When to Jump, an independent media partner of The Huffington Post, is a curated community featuring the ideas and stories of people who have made the decision to leave something comfortable and chase a passion.
I cried nearly the whole month of January. I had quit my job at Sunrise Senior Living at the start of the year to launch my own catering business. I was excited and eager to be my own boss and to establish a business that could be passed down to my children. But I had no orders my first day. The self-doubt quickly sank in. What was I thinking? Would I have to go back to my old job? The following two weeks were not much better. I finished the second week with only five orders. I kept reminding myself why I decided to take the "jump." I started working in the food service industry at 14. I worked at Perkins, Sylvia's Restaurant of Harlem, Applebee's, and IHOP. I cooked in assisted living homes such as Lawrence Nursing Care Center and Sunrise. I was a server at catering events at night and on the weekends. I loved customer service and I was good at it. I knew how to listen and make customers feel comfortable. I taught my co-workers the "stand back," a technique I coined that allows a server to watch all their tables at the same time and quickly respond to every customer's needs. I enjoyed the work, but something was missing. I looked at the food I was serving or the recipes I was following and knew they were not my own. It wasn't "my food" and the customers I was serving were not "my customers."
I have always loved cooking for my family and friends. Cooking for them was a second job, one I would leap out of bed to do. I developed different recipes in my home kitchen and enthusiastically asked my friends for feedback. The kind of honest feedback one only gets from a mother who doesn't sugar coat anything. Fortunately, it was all positive feedback! My friends raved about my food and would ask me to cook for their parties. In December, one friend asked me to cook and cater a wedding. It was a hit! Guests reached out asking if I could cater future events and if I ever did "hot plates" or ready to eat meals for lunch. The glowing reaction, coupled with my uncle's booming encouragement to "go for it," provided the confidence to turn what I thought could only be a hobby into my full-time career the following month.
While the first few weeks were tough, everything came together on January 27th. It was my daughter's 8th birthday. I was cooking for her Dora the Explorer themed birthday party and for an Elmo themed birthday party down the street for another family. All of a sudden, I was receiving calls from three different groups asking for hot plates. I panicked. I didn't think I could do it all, but I didn't waste time worrying. I rushed around my kitchen, completed the orders, and dropped them off. I was exhausted at the end of the day, but happy. I wasn't sore like I remembered feeling after a long shift at a restaurant. I did start to cry again but it was because I knew this was only the beginning.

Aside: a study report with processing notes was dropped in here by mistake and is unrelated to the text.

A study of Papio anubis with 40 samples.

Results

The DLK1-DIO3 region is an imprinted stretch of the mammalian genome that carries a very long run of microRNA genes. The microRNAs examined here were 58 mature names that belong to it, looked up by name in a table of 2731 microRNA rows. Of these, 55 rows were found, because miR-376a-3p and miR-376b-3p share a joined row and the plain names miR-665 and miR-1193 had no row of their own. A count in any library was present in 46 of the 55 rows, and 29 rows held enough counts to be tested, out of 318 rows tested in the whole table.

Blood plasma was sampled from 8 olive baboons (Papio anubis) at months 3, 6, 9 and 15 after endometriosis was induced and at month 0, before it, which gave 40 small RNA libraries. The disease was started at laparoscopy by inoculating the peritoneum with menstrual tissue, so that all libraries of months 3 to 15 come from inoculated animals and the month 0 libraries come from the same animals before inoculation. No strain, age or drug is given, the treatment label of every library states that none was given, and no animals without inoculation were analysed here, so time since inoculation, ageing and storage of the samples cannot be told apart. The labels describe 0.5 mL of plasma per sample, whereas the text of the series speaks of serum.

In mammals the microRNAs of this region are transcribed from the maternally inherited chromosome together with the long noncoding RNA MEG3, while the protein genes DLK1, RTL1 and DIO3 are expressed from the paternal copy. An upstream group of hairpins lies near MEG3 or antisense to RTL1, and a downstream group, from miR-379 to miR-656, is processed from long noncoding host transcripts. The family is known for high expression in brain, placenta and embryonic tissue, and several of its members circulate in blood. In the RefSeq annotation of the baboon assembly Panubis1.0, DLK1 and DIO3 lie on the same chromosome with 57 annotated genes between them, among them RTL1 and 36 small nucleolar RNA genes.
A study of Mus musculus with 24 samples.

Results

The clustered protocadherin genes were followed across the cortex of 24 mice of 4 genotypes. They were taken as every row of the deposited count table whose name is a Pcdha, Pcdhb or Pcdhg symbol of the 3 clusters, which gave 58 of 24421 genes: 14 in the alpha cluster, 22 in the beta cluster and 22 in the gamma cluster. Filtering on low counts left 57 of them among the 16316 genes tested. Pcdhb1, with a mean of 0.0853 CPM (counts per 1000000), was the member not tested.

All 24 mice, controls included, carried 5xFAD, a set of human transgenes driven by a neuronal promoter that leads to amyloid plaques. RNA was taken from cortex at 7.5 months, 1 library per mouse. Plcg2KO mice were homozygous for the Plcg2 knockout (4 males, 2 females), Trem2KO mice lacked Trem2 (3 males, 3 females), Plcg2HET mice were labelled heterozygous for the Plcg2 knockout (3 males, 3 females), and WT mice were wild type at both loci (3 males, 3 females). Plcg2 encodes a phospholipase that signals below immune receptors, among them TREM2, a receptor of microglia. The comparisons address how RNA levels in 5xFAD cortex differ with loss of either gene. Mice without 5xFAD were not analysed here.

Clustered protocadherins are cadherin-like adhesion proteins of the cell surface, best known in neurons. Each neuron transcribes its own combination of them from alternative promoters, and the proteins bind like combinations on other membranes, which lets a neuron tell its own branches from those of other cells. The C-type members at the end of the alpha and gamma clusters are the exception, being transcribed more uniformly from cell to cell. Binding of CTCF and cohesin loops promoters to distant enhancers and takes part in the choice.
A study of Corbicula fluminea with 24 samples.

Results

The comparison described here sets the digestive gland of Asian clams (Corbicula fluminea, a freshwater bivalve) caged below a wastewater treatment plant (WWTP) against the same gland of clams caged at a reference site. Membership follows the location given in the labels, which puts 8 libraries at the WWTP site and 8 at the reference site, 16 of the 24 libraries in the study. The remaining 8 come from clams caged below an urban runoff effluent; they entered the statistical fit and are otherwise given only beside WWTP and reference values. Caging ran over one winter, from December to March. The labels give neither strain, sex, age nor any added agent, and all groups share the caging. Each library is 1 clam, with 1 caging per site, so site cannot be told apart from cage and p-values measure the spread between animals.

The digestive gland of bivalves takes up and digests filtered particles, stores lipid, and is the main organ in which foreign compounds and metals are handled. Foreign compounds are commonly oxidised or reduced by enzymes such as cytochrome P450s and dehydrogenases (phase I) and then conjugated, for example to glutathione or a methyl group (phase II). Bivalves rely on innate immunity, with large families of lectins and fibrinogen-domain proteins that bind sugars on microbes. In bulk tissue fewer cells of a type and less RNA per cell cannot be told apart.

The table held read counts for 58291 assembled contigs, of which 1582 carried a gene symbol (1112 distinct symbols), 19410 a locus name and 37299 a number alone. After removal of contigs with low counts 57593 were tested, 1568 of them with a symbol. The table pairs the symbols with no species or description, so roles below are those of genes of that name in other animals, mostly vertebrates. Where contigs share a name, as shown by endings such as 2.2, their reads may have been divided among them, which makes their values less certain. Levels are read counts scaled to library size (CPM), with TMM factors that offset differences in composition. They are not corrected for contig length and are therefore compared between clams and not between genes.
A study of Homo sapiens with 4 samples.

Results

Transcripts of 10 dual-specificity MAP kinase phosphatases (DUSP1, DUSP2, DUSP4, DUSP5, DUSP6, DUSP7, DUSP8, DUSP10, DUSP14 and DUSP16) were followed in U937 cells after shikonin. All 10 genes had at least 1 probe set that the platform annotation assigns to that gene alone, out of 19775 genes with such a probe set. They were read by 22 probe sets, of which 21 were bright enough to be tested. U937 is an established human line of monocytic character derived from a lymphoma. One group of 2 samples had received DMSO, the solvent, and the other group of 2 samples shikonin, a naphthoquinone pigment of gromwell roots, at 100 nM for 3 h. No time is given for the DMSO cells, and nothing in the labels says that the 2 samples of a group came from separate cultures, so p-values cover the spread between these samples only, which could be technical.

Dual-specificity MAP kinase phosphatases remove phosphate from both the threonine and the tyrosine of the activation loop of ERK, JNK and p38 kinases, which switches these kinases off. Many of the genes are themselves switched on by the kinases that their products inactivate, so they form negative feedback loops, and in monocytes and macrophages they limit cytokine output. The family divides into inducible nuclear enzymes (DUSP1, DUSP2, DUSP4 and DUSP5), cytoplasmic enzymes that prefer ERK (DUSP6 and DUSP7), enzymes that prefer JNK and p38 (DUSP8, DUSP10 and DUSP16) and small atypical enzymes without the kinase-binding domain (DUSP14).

My business has significantly grown over the last six months. My clientele now extends well beyond my network of friends. My regular customers have branded my weekday lunches, "Hot Plates in Harlem." I'm also catering several events a week. Next spring, I'll showcase my custom barbecue sauces at various trade shows and I'm working with distributors to place my sauces in grocery stores. But running a food business is not without its challenges. Cooks in New York are limited in what they are allowed to cook out of their home kitchens and how they can sell that food. I started cooking to order, and providing healthy food to friends and neighbors. But despite willingness to work with the city to find a way to do this compliantly, none exists. While I've built a sustainable business, starting small was essential to my success. In the early days, renting a commercial kitchen space was too expensive. While I've been fortunate to gain access to a few, this continues to be a barrier to entry for me. This is a problem not only for my business, but all my fellow aspiring cooks. Moreover, customers have endless options in a city like New York which is why so many restaurants don't last their first year (90%). The days when these hurdles seem too high to overcome, I look at my children and remind myself that I'm doing it for them. By taking a leap of faith, I've shown them that they can take charge of their own careers and if they want I'm ready for them to join the family business.
When to Jump, an independent media partner of The Huffington Post, is a curated community featuring the ideas and stories of people who have made the decision to leave something comfortable and chase a passion. You can follow When to Jump on Facebook, Instagram, and Twitter. For more stories like this one, sign up for the When to Jump newsletter here. (Note: The When to Jump newsletter is not managed by The Huffington Post.)